August 16, 2000
seeks members ideas on top legislative issues for 2001
Steering Committee to meet August 23; Board will set priorities at Annual
The Business Council is inviting all members to identify priority issues that The Council should address in its legislative advocacy next year.
This question will be the main focus of a meeting next week of the Steering Committee of The Council's Government Affairs Council. That meeting is set for 9:30 a.m. Wednesday, August 23, at Council headquarters.
Each year, The Council's priority issues are determined by the Board of Directors when it meets at the Annual Meeting in September. The Annual Meeting this year will take place September 20-22 at The Sagamore in Bolton Landing.
"This is a member-driven organization, and the policies that we support are those that our members ask us to support," said Daniel B. Walsh, president of The Business Council.
Several issues that are likely to be the subject of debate in the next legislative session have already emerged, said Elliott Shaw, director of government affairs for The Business Council. These include:
Superfund: Although the Executive Branch has said the state's Superfund for environmental cleanups will remain solvent at least through next March, its eventual need for an infusion of new funds will make refinancing and reform a focus of debate next year, said Ken Pokalsky, director of environmental and regulatory affairs for The Council.
The Business Council has urged lawmakers to tie any refinancing of Superfund to reforms that would make its cleanup procedures more efficient and its liability provisions more fair.
The Council argues that a permanent Superfund refinancing should be part of a comprehensive reform package that:
- Bases cleanup standards on the actual risks posed at a site.
- Provide liability reform for entities that did not cause contamination, and liability releases for entities that clean up sites.
- Includes specific requirements, timetables and incentives for "brownfield" redevelopment projects.
- Apportions the costs of refinancing across all taxpayers, not just the business community.
Further tax cuts: The Council will argue that New York can and should enact more tax reductions and tax-code reforms, Walsh said.
For example, the The Council is evaluating one proposed change, adoption of a "single sales factor" for corporate taxation, that could significantly reduce the tax burden on business.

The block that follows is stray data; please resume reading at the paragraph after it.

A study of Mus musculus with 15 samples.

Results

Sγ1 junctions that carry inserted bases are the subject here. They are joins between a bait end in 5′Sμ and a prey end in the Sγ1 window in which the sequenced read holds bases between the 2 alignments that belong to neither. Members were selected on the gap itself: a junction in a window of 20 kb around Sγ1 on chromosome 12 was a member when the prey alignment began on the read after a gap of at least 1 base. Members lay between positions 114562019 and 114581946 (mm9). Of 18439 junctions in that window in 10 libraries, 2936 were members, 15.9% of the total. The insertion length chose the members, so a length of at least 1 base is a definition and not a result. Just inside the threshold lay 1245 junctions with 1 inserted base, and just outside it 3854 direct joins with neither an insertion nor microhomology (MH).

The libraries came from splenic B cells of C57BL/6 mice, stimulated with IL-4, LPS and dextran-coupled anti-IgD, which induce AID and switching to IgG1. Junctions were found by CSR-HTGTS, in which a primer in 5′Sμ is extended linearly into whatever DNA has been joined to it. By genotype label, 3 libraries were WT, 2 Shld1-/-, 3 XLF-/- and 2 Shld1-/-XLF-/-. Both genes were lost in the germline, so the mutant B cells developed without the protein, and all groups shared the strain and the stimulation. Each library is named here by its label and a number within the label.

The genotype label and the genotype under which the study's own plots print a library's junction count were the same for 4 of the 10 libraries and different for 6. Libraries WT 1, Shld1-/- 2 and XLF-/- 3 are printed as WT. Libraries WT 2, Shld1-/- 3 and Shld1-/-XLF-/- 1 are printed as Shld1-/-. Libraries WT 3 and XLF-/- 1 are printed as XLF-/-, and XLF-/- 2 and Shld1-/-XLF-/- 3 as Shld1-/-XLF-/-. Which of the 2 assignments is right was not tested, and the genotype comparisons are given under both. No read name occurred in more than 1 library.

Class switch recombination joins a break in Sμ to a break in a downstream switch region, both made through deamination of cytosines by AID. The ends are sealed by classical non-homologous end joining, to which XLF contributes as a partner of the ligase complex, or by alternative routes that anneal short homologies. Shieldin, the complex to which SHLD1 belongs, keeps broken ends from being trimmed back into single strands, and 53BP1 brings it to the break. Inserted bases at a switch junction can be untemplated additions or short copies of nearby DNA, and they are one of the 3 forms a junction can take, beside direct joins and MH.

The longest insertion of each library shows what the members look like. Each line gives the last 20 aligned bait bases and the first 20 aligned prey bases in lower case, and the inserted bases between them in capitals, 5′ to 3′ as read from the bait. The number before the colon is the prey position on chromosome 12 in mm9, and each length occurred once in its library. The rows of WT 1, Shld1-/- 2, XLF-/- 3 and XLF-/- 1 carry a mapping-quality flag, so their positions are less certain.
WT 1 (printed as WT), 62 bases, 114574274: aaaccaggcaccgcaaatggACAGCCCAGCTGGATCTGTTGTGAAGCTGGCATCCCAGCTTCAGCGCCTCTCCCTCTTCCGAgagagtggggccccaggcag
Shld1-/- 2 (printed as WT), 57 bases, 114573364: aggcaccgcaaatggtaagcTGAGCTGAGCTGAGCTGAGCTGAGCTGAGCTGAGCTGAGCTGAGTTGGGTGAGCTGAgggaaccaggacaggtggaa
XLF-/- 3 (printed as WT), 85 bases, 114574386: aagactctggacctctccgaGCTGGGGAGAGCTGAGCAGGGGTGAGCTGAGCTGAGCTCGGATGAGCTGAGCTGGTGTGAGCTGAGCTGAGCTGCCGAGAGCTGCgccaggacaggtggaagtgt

Corporate taxes are now based on three factors: the percentage of its payroll, global property value, and sales that occur within a state. The Council argues that this effectively encourages companies to locate jobs and plants in other states.
By basing corporate taxes on only one factor, in-state sales, New York can encourage companies to locate their jobs and plants here, Walsh noted.
Workers' compensation: The Council will continue to press for two key workers' compensation reforms-a cap on benefits in cases of permanent partial disability, and the use of objective medical guidelines in such cases.
In addition, The Council is evaluating the effects on workers' compensation costs of "special funds" in the workers' compensation system, especially the so-called "Second Injury Fund," which was created after World War II to encourage employers to hire veterans who had already been injured.
Sixteen other states have already eliminated or reformed similar funds.
Energy: The Council will continue to monitor proposals to extend and/or increase a $78 million energy tax that is due to expire next June. The so-called "systems benefit charge" on all energy bills supports research and development low-income residential customers, and technology programs.
Small business health-care parity: The Council will continue its strong support for this policy, which would give all small businesses access to the same reduced-rate health insurance programs that the state gave some businesses under the Health Care Reform Act (HCRA) of 2000.